David Peterson of the Mets pitches during the first inning against the...

David Peterson of the Mets pitches during the first inning against the Cubs at Citi Field on Wednesday. Credit: Jim McIsaac

The Mets are going to need to add some starting pitchers in 2024. David Peterson, who is getting a chance to finish the season in the rotation, is trying to force his 6-6 frame into the picture as if to say, “Hey, look at me!”

“I didn’t envision myself growing up being a depth piece,” Peterson told Newsday on Friday before the Mets lost to Atlanta, 7-0. “I want to be a staple in a rotation. I love being here. I want to be a part of this team and this organization as we kind of change and move forward.”

Peterson, who will turn 28 on Sept. 3, started 2023 as exactly what he doesn’t want to be: a depth piece. He twice spent part of it in a place he didn’t want or expect to be — Triple-A Syracuse.

And he will end it in the place he desperately wants to be — the Mets’ rotation.

“It’s a great opportunity,” he said. “It’s something that I’ve kind of done the last couple of years. Don’t really know what it’s going to look like [going into 2024].”

Along with Tylor Megill — Friday night’s starter against Atlanta — Peterson was starting pitcher No. 6 or 7 going into the season.

You may have heard the Mets’ best-laid plans didn’t quite work out. Jose Quintana was injured in spring training. Justin Verlander went on the injured list before the second game of the season. Peterson started it and allowed one run in five innings in a 2-1 loss to Miami.


Now Verlander and Max Scherzer are gone, traded away along with huge bags of cash to acquire prospects. Mets executives and fans are excited about all of the young talent, but no one truly knows how any of them will turn out.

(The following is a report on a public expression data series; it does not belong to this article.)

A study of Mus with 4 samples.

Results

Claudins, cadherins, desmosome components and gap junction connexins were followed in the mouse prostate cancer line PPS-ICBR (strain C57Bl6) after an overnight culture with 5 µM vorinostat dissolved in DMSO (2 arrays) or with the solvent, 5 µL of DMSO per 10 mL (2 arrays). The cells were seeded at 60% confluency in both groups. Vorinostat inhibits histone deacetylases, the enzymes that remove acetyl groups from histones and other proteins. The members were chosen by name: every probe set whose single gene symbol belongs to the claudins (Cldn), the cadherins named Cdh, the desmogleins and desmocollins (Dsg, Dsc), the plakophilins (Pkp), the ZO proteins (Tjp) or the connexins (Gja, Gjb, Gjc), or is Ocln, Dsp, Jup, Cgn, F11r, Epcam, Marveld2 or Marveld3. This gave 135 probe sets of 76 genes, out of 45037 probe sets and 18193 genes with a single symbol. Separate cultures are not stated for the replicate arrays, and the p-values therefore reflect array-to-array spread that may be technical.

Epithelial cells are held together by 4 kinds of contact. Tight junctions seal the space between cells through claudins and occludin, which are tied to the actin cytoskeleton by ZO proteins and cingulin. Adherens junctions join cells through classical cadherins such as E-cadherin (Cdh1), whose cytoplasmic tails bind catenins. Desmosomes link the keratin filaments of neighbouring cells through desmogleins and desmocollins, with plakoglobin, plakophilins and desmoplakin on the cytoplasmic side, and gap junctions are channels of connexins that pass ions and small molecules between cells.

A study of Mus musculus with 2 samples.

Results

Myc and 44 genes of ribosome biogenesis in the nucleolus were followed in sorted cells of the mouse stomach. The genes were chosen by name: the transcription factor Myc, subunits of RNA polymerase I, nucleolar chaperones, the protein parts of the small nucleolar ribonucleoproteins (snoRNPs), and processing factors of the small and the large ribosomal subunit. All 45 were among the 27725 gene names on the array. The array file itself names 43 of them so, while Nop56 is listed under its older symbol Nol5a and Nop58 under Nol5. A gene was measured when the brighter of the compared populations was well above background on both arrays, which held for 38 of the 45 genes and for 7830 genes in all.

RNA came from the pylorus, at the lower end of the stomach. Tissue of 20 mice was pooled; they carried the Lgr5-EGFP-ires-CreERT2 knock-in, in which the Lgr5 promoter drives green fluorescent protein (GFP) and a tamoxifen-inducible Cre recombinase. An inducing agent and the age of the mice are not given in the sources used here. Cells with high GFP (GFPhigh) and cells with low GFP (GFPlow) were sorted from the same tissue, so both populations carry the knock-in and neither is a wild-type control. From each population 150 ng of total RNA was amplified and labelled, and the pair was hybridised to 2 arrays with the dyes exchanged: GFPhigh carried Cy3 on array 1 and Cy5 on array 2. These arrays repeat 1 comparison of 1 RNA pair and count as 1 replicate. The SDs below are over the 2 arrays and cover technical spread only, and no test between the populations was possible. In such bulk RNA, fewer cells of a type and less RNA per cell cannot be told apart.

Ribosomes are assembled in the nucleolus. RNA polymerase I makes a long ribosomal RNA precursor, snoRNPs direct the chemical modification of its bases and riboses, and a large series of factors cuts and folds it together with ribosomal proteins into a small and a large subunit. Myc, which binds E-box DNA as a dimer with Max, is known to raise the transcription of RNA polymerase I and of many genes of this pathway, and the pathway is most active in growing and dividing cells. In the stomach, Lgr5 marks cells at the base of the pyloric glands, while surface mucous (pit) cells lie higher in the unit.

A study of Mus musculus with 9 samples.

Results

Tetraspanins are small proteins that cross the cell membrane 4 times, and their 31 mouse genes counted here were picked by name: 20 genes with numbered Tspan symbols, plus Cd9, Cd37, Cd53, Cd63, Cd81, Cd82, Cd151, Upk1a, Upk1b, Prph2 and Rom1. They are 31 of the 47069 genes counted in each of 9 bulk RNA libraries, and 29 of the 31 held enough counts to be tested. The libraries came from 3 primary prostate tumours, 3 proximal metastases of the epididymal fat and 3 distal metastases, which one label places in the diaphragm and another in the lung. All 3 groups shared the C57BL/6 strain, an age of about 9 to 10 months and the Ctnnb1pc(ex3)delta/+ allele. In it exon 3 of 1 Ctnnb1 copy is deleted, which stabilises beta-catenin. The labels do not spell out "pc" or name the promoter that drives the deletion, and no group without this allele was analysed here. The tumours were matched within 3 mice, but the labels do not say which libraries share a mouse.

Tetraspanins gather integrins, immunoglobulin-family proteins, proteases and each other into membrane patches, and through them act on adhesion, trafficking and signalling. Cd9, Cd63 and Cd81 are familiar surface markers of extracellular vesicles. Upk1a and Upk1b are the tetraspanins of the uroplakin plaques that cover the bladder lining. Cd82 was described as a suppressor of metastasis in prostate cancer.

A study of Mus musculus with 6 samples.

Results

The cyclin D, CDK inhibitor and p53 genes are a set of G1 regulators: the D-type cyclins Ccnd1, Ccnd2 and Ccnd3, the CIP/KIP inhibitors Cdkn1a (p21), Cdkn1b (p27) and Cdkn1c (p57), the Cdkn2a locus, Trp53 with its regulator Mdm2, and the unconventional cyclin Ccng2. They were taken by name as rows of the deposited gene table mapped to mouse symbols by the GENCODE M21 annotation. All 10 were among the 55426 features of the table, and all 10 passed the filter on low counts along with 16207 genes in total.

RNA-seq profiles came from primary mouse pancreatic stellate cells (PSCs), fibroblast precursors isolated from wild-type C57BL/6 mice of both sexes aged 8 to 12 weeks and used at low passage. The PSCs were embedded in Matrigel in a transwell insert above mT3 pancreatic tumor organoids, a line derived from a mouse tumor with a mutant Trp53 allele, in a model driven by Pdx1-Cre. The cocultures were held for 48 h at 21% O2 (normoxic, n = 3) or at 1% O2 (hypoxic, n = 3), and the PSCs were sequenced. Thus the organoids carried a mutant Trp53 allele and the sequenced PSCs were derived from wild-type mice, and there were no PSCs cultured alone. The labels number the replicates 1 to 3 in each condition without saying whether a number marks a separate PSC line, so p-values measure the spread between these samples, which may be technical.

Peterson is a great cautionary tale about just that subject.

He was the Mets’ first-round pick (20th overall) in the 2017 draft, a tall, projectable lefty out of the University of Oregon. MLB.com ranked him as the team’s second-best prospect in 2018, behind only infielder Andres Gimenez, and two spots ahead of a power-hitting first baseman named Pete Alonso.

Peterson reached the majors in 2020 and went 6-2 with a 3.44 ERA in 10 games (nine starts) in that COVID-shortened season. Pencil him in for 30 starts a year as an inexpensive rotation “staple,” right?

But that’s not what happened. Peterson went 2-6 with a 5.54 ERA in 2021, bounced back to go 7-5, 3.83 in 2022, and then couldn’t hold a spot in the majors this season despite being in the rotation for the first month.

On May 16, Peterson was sent to Syracuse for the second time in 2023. It was well-deserved. He had a 1-6 record and an 8.08 ERA.

When he returned on June 27, Peterson threw six shutout innings against the Brewers. Two short but OK starts were followed by a shift to the bullpen, where Peterson was effective enough to get his ERA under 6.

Then came the teardown trades of Verlander and Scherzer and the opportunity for Peterson to re-enter the rotation. The first two outings were short — shorter than he would have preferred — as the Mets are building him back up to a starter’s pitch count.

Peterson threw three shutout innings against Baltimore (52 pitches) and gave up two runs in 3 2⁄3 innings against the Cubs (62 pitches). Overall, he is 3-7, 5.61.

“I felt like I had more in the tank, which is encouraging,” said Peterson, whose next outing should be Tuesday vs. Pittsburgh.

Think the Mets have nothing left to play for in 2023? Peterson has a lot to play for. The Mets have two starters signed for 2024 in Quintana and Kodai Senga. You don’t have to be a math whiz to know that leaves them with three openings.

Peterson would like to — emphatically, finally, permanently — make sure one of those openings is his heading into next season. “I would like to give that impression to them,” he said, “as ‘hey, we’ve got a guy in house that can do the job.’ I think it’s similar to the past, which is every time I get the ball, make the most of it. Show them going forward I belong in the rotation.”